For nearly four months my tv cable system has had only one channel available. I tolerated this because I watch little tv and when I do watch, I usually view it on my iPad via apps. Periodically I would complain to my daughter and rail about the inadequacies of the cable company. Convinced that it was their fault— or at least the fault of their equipment I continued to tolerate the situation because I did not want to spend the time exchanging it at their local office. Immersed in absolute certainty, I stopped looking for alternate solutions.
I suspect you have experienced similar situations in which you were utterly convinced about your belief about something and had no space for doubt or compromise.
Because I have a houseguest coming soon for an extended stay, I decided to take action. Before I schlepped to their local office to return the damaged equipment, I knew I had to log in a complaint and have them try to fix it remotely. I’d already performed the process myself to no avail. Still, I knew this was a hoop through which I had to jump.
The technician’s first instruction to me was to depress the Xfinity home key. I could not fulfill his request because my remote lacked this button. And there lay the cause of my problems. The button was missing because I was using the wrong remote.
The equipment was in perfect working order. My problem was 100% attributable to user blindness. I never questioned that it was something I was doing— or not doing— that could be causing my difficulty. Fortunately. the technician was gracious and did not try to make me feel like a dope. I felt mortified and acknowledged my mistake. We laughed together and our conversation ended on a genial note.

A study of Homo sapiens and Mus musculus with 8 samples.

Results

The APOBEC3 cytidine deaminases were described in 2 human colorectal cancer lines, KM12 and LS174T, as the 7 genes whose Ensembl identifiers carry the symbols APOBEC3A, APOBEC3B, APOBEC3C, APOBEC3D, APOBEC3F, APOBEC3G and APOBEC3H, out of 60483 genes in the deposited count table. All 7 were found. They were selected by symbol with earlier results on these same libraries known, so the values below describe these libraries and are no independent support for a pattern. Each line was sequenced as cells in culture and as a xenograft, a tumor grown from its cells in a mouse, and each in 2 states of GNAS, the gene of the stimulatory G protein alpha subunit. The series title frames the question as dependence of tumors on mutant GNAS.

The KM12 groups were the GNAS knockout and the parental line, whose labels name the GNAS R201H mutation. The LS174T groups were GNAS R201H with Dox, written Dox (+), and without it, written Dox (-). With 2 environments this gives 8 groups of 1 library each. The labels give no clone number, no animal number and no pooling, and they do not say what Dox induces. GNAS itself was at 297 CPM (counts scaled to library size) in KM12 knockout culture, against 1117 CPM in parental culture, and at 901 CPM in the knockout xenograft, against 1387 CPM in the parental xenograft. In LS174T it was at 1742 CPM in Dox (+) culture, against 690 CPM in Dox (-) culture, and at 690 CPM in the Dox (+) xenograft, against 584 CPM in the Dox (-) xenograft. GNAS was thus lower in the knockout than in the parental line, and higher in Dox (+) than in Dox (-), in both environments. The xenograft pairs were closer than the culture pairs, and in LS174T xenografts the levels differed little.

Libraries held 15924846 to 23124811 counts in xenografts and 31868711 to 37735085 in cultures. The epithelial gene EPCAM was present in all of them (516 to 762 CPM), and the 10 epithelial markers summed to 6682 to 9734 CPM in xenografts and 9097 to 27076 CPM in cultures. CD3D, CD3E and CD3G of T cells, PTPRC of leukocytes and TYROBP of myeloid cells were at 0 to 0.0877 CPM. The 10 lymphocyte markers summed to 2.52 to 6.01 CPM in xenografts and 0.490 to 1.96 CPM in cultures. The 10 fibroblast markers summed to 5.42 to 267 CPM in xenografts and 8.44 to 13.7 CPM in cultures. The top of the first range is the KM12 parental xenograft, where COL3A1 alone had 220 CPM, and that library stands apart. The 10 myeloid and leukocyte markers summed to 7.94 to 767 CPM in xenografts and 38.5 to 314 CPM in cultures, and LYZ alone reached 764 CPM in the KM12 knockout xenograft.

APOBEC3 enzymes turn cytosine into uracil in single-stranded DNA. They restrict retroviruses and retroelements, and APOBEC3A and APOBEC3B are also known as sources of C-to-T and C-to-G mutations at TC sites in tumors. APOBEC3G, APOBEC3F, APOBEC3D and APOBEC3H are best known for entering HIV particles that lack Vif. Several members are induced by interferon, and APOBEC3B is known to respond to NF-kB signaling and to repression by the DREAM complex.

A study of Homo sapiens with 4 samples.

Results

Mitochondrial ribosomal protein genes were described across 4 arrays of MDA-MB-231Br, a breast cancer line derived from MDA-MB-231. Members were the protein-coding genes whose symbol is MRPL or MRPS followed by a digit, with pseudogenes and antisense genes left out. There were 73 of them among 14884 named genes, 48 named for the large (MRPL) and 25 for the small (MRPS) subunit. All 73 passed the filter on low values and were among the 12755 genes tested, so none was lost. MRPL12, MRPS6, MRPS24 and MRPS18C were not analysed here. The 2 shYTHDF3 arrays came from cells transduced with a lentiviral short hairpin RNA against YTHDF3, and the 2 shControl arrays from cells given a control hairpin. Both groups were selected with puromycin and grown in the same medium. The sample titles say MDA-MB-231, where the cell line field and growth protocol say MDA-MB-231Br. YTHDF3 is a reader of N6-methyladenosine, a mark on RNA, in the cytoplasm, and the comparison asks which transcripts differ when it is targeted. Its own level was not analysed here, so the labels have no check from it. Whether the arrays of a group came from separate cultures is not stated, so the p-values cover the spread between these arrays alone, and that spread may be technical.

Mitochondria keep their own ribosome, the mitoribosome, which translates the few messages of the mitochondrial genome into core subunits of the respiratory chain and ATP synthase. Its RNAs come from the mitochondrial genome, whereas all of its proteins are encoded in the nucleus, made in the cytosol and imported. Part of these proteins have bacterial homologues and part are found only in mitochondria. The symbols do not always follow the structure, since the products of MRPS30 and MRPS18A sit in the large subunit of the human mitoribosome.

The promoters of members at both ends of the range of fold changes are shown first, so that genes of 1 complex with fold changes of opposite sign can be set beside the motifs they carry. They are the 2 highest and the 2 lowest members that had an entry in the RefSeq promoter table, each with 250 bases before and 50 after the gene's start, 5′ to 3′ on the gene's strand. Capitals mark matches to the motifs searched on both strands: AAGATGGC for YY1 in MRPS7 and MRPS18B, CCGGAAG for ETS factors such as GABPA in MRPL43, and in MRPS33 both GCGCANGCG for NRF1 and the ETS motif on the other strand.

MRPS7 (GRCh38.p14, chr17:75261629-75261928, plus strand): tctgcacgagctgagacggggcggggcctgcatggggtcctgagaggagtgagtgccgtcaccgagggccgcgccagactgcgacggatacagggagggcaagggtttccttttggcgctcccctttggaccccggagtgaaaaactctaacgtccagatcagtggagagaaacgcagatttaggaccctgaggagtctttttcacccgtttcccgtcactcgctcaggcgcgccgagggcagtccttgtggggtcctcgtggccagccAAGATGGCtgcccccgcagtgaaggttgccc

After choking down my metaphorical humble pie, I found myself pondering the situation. How often, I wondered, have I allowed my intransigence and certainty to blind myself to seeing things from a different vantage point, from identifying the true cause of a problem, or from being open to another person’s perception of reality? This blindness can be especially problematic when it comes to our parenting decisions and assessments.
How often does our utter conviction that we are “right” about a situation foreclose the ability to evaluate accurately and develop a solution? How often do we keep a frozen image in our mind's eye and refuse to upload a new picture that might include additional and/or more accurate information? How often do we delay addressing a situation because we know (or believe) it will be unpleasant to handle and instead choose to continue to shoulder the weight of this unresolved burden?
I could have solved my tv issue on day one. I had forgotten how exhilarating it feels to resolve a problem. Whether big or small, it feels great to tick something off one’s mental To-Do List. Instead, I chose to keep it as an ongoing inconvenience that got increasingly annoying. In my thinking about the situation, I had built a mental image that depicted the solution process as HUGE.
As parents, it is easy to think about situations within our family similarly. We cast it as either too minor to make a big deal out of it, (choosing to tolerate a lack of resolution which often leads to the situation worsening) or, we dig in our heels and shut ourselves off from considering new information or approaches that might lead to a solution. Life is a Learning Conversation. It’s good to remind ourselves of that. We don’t always have enough information, or the correct information so it is important to pause and bring a fresh eye to family issues. When we show a willingness to gather and consider new data, we model an approach that will serve our children throughout their lives. Such openness is not necessarily easy nor is it typically the default setting. When they have consistently been the recipient of this approach they will know its value and can choose to embrace it in their own relationships.
When we face a challenge, let us ask ourselves
(Understanding does not equal agreeing. It means that we can stand in the other person’s shoes and see how they feel and why they believe their POV is accurate.)
How can you move from certainty to curiosity in your parenting efforts?